By Margaret Besheer
The International Atomic Energy Agency says the Zaporizhzhia nuclear power plant in southern Ukraine lost all access to external electricity following overnight shelling and is currently receiving backup power from its emergency diesel generators.
Nuclear operator Energoatom blamed Russia for shelling in the area that damaged power lines and electrical substations. Russia put the blame on Ukraine.
The IAEA said in a statement that senior Ukrainian operating staff informed their experts of indications that the power lines were physically damaged “at two different locations about 50-60 kilometers from the plant itself, in Ukrainian-controlled territory.” Repair work was under way at one of the locations.
IAEA Director General Rafael Grossi said in a statement that the development is “extremely concerning” and “again demonstrates the plant’s fragile and vulnerable situation.” He has been working with both sides to establish a demilitarized protection zone around the nuclear plant.
“Measures are needed to prevent a nuclear accident at the site. The establishment of a nuclear safety and security protection zone is urgently needed,” he said.
Separately, the IAEA said its inspectors investigating Russian claims that Ukraine is preparing to use a “dirty bomb” have not found any indications of undeclared nuclear activities and materials at the three sites they have inspected.
Ukraine has strongly denied Moscow’s allegations that it is planning to detonate a dirty bomb on its own territory and in turn accused Russia of plotting to use the threat of a bomb laced with nuclear material as a pretext for an escalation in Ukraine.
Russia raised the matter at the U.N. Security Council last week and warned in a letter that it “will regard the use of the dirty bomb by the Kyiv regime as an act of nuclear terrorism.”
Ukraine invited the IAEA inspectors. The IAEA said they visited the locations where Russia made allegations about activities: the Institute for Nuclear Research in Kyiv, Eastern Mining and Processing Plant in Zhovti Kody, and Production Association Pivdennyi Machine-Building Plant in Dnipro.
The agency said its inspectors were given “unfettered access to the locations.”
“Our technical and scientific evaluation of the results we have so far did not show any sign of undeclared nuclear activities and materials at these three locations,” IAEA chief Grossi said.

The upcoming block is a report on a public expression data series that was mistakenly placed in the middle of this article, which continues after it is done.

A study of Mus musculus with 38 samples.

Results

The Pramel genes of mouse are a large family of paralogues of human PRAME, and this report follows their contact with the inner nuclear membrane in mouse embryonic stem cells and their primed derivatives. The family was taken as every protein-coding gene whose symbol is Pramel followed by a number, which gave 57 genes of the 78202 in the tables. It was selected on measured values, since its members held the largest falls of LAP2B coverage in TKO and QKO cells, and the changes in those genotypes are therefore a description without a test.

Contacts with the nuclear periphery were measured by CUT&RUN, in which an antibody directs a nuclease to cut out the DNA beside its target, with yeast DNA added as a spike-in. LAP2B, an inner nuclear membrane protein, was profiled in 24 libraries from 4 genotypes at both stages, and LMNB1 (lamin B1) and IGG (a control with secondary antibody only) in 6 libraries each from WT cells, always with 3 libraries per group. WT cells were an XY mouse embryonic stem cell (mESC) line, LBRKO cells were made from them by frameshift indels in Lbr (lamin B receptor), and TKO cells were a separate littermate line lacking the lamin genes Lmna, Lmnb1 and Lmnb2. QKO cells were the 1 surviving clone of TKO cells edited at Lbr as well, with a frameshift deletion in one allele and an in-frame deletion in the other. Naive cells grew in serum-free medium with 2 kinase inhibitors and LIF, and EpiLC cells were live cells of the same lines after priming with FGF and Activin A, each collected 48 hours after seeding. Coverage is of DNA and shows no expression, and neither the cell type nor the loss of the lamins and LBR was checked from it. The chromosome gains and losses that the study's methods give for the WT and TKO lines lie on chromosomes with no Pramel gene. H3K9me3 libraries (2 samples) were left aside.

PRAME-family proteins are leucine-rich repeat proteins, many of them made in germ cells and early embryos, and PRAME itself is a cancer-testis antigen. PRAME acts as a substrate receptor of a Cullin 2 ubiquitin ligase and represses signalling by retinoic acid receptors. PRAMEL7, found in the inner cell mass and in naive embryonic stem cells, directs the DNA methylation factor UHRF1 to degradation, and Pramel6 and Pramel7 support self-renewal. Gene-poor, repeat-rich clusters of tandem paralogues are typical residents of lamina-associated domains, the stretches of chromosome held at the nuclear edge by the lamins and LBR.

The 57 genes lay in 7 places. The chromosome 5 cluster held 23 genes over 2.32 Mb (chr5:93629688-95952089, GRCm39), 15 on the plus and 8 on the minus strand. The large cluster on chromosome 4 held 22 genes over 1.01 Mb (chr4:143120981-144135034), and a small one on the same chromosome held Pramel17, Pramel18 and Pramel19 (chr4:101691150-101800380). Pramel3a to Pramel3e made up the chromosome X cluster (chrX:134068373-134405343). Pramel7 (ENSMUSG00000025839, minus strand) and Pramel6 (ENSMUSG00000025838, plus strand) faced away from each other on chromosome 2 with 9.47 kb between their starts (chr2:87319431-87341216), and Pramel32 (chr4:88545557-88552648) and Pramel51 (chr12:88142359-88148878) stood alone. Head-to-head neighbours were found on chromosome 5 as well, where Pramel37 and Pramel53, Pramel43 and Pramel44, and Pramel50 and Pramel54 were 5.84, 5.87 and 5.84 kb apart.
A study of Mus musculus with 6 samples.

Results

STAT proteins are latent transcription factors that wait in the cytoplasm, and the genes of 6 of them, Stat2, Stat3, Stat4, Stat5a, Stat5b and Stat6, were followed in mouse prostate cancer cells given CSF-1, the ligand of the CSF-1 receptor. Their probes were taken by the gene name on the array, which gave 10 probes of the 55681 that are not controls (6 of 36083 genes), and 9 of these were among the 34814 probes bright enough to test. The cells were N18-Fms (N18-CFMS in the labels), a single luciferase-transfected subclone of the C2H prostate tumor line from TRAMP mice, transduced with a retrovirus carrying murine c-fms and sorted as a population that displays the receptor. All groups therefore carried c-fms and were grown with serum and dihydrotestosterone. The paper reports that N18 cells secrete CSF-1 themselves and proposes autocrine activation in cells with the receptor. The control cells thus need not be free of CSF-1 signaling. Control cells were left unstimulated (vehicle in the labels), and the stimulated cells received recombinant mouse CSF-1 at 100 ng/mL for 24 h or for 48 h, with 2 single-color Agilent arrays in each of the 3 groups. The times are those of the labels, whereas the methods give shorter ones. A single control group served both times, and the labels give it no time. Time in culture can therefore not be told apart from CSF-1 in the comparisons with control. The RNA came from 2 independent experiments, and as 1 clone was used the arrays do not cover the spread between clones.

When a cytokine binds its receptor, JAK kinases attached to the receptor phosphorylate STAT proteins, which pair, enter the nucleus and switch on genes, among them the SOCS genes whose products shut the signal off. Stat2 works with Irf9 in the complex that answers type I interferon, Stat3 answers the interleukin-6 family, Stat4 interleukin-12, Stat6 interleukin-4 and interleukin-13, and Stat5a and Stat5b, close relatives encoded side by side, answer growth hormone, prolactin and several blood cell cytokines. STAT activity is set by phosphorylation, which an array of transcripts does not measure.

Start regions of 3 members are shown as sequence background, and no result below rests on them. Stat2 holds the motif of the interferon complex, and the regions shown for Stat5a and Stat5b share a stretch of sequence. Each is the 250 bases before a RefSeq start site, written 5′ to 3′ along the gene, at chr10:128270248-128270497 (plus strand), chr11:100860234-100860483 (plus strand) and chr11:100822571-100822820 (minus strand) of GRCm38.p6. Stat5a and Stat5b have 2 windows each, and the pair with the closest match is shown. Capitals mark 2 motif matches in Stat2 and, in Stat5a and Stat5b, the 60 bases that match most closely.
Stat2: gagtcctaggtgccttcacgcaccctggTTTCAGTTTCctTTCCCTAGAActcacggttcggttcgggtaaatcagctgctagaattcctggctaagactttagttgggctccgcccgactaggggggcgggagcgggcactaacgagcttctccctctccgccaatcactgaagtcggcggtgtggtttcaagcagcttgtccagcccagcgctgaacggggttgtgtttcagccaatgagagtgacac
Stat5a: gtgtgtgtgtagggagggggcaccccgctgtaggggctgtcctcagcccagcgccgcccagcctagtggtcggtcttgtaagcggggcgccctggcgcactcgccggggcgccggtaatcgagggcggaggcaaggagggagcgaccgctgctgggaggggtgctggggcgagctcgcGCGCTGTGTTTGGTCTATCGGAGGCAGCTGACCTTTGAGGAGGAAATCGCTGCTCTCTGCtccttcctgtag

He said the inspectors also collected environmental samples as part of their work and the agency would report on the results of those tests as soon as possible.
Meanwhile, Russia failed to gain traction in the U.N. Security Council on Wednesday for its proposal to send a formal commission to investigate its allegation that the United States and Ukraine have a secret biological weapons programs in Ukraine. A resolution it put forward calling for the commission was supported only by China.
U.N. disarmament officials have long said they are not aware of any biological weapons programs in Ukraine, while Kyiv and Washington deny the accusation.
In Istanbul, the U.N.-run Joint Coordination Center (JCC) that oversees implementation of the deal to get Ukrainian grain exports out through the Black Sea said Thursday that the Russian delegation had resumed its work at the JCC and joined vessel inspections.
Moscow suspended its participation in the deal on Saturday, after alleging Ukraine used drones to attack the Russian Black Sea fleet. It reversed that decision on Wednesday.
“Now that the initiative has fully resumed, I appeal to all parties to concentrate efforts in two areas,” U.N. Secretary-General Antonio Guterres said Thursday.
“First, to [the] renewal and full implementation of the Black Sea Grain Initiative. Second, to removing the remaining obstacles to the exports of Russian food and fertilizer.”
Russia has repeatedly said it is not getting the benefit it seeks from the deal, as some private companies are afraid of running afoul of international sanctions. Speaking at a news conference in Jordan, Russian Foreign Minister Sergey Lavrov said Thursday his country had called on the United Nations to help fulfill the part of deal that would ease Russia’s food exports.
While there are no U.S. or European sanctions on Russian food or fertilizer exports, U.N. officials say overcompliance has been an issue.
“The world needs concerted efforts to urgently address the global fertilizer market crunch and make full use of Russian export capacity essential for that purpose,” the U.N. chief said. “High fertilizer prices are already affecting farmers around the world; we cannot allow the global fertilizer shortage to morph into a global food shortage.”
Ukrainian food exports through the initiative reached a milestone Thursday. Guterres told reporters that 10 million metric tons have been exported in just three months.
“Despite all the obstacles we have seen, the beacon of hope in the Black Sea is still shining and the initiative is working,” Guterres said. “It is our collective responsibility to keep it working smoothly.”
The deal’s initial 120 days runs out this month. It will be automatically renewed if no party objects.
Since it was signed in July, the Black Sea Grain Initiative has helped ease the global food crisis, bringing down the price of wheat and other commodities on international markets.
Iran, North Korea weapons
The Pentagon on Tuesday raised “concerns” that Russia may try to acquire more weapons from Iran and North Korea to use in its war against Ukraine.
Russia recently has targeted civilian infrastructure with Iranian-made drones, and Iranian personnel are helping the Russian military launch these drone attacks from the Crimean Peninsula, according to the United States.
Iran has repeatedly denied it is providing Russia drones and military support.
VOA Pentagon correspondent Carla Babb contributed to this story.